A few years ago, for instance, I wrote about an exploration of peer constructed smoking cessation messages versus messaging produced by professionals.
The study focused specifically on tapping into the crowd for the construction of anti-smoking messages to share with smokers in their fight against the addiction. These crowdsourced messages were then compared against specially crafted messages from a team of experts on the subject. This team consisted of physicians, nurses and so on, all of whom were using best practice guidelines when crafting their messages.
The crowd of nearly 40 smokers produced just under 3,000 messages, ranging from ones about attitudes and expectations, improvements in quality of life, how to seek help and various behavioral strategies. The delivery of these messages was structured according to the state of the recipient. So for instance, if the recipient was not really looking to quit, the messages focused more on expectations and how quitting might change life quality. If the recipient was ready to quit however, the messages were focused more on behavioral strategies for quitting.
When the success rate of the messages were analyzed, it emerged that the crowdsourced messages were more likely to generate results than those crafted by an expert, with the messages most aligned to the social and real-life aspects of smoking delivering the best results.
The role of social media in smoking cessation
A second study, this time from researchers at the University of Waterloo, came to similarly positive findings. It found that young people who utilized social media to help them quit smoking were roughly twice as successful as those who used more traditional methods.
The study compared a range of interventions, including the social media based Break It Off with more traditional methods such as the Smokers’ Helpline.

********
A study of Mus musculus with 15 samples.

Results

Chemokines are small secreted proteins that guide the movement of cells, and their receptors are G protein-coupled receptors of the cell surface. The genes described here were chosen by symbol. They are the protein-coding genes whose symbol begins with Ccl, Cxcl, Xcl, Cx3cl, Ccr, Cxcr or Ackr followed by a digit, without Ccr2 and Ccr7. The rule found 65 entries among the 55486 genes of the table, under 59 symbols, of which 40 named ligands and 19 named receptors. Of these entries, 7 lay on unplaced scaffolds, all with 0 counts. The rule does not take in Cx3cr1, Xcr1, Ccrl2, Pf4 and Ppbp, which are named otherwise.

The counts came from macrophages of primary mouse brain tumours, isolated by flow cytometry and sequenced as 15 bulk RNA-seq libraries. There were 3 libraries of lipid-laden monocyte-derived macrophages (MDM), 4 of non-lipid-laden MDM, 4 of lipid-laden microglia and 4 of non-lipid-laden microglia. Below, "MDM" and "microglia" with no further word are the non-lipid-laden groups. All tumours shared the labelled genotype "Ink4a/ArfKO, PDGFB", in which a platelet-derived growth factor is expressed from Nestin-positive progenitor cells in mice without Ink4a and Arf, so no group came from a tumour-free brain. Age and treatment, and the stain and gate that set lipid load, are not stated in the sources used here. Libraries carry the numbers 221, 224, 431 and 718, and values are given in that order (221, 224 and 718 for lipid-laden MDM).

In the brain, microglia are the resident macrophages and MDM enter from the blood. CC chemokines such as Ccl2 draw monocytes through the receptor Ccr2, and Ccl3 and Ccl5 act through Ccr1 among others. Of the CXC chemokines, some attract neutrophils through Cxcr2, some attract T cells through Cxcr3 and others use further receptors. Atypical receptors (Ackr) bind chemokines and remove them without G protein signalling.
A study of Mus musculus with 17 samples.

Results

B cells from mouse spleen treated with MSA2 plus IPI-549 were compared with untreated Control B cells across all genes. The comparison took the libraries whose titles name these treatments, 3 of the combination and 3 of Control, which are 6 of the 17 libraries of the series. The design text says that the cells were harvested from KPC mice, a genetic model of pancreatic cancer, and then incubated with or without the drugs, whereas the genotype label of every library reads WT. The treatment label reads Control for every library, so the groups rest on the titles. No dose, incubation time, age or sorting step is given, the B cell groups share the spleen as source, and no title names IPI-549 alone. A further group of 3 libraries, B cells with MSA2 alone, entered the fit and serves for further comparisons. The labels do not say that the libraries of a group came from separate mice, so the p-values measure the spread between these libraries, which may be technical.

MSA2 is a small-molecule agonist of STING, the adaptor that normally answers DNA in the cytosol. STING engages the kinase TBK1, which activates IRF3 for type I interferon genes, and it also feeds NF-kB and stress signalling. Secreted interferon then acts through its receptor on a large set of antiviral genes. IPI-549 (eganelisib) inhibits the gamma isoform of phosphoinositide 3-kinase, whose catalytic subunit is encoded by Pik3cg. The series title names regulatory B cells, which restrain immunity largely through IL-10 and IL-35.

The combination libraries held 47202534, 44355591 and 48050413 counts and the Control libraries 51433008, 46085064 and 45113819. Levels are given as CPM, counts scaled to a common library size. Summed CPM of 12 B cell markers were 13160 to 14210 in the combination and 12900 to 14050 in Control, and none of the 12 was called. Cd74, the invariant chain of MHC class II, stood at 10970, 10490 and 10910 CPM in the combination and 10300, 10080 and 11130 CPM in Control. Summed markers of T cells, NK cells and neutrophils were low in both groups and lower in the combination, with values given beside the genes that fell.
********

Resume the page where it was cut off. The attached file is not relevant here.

Participants were tracked for three months, after which it emerged that 32 percent of those who used Break It Off had managed to quit smoking, compared to just 14 percent who used the helpline.
After three months in the program, 32 per cent of smokers who used Break It Off apps and web tools had quit smoking, compared to 14 per cent of their peers who used the telephone-based support.
“These finding suggest that the creators of public health campaigns need to evaluate how they use social media channels and social networks to improve health, especially with regards to younger demographics,” the authors say.
Smoking cessation is a particular problem in Canada as young people have both high rates of smoking and low takeup of traditional cessation services. The authors believe that social media based offerings may provide a better approach.
“Traditional cessation services can have limited reach and this reduced visibility lessens their impact in a digital era,” they say. “Because they are such heavy users of social media, these platforms provide an alternative and successful way of reaching smokers who are less likely to relate to other cessation programs.”
Break It Off consists of an interactive website and social media. It compares quitting smoking with the end of a relationship, providing users with a website and app to help guide them through the cessation process.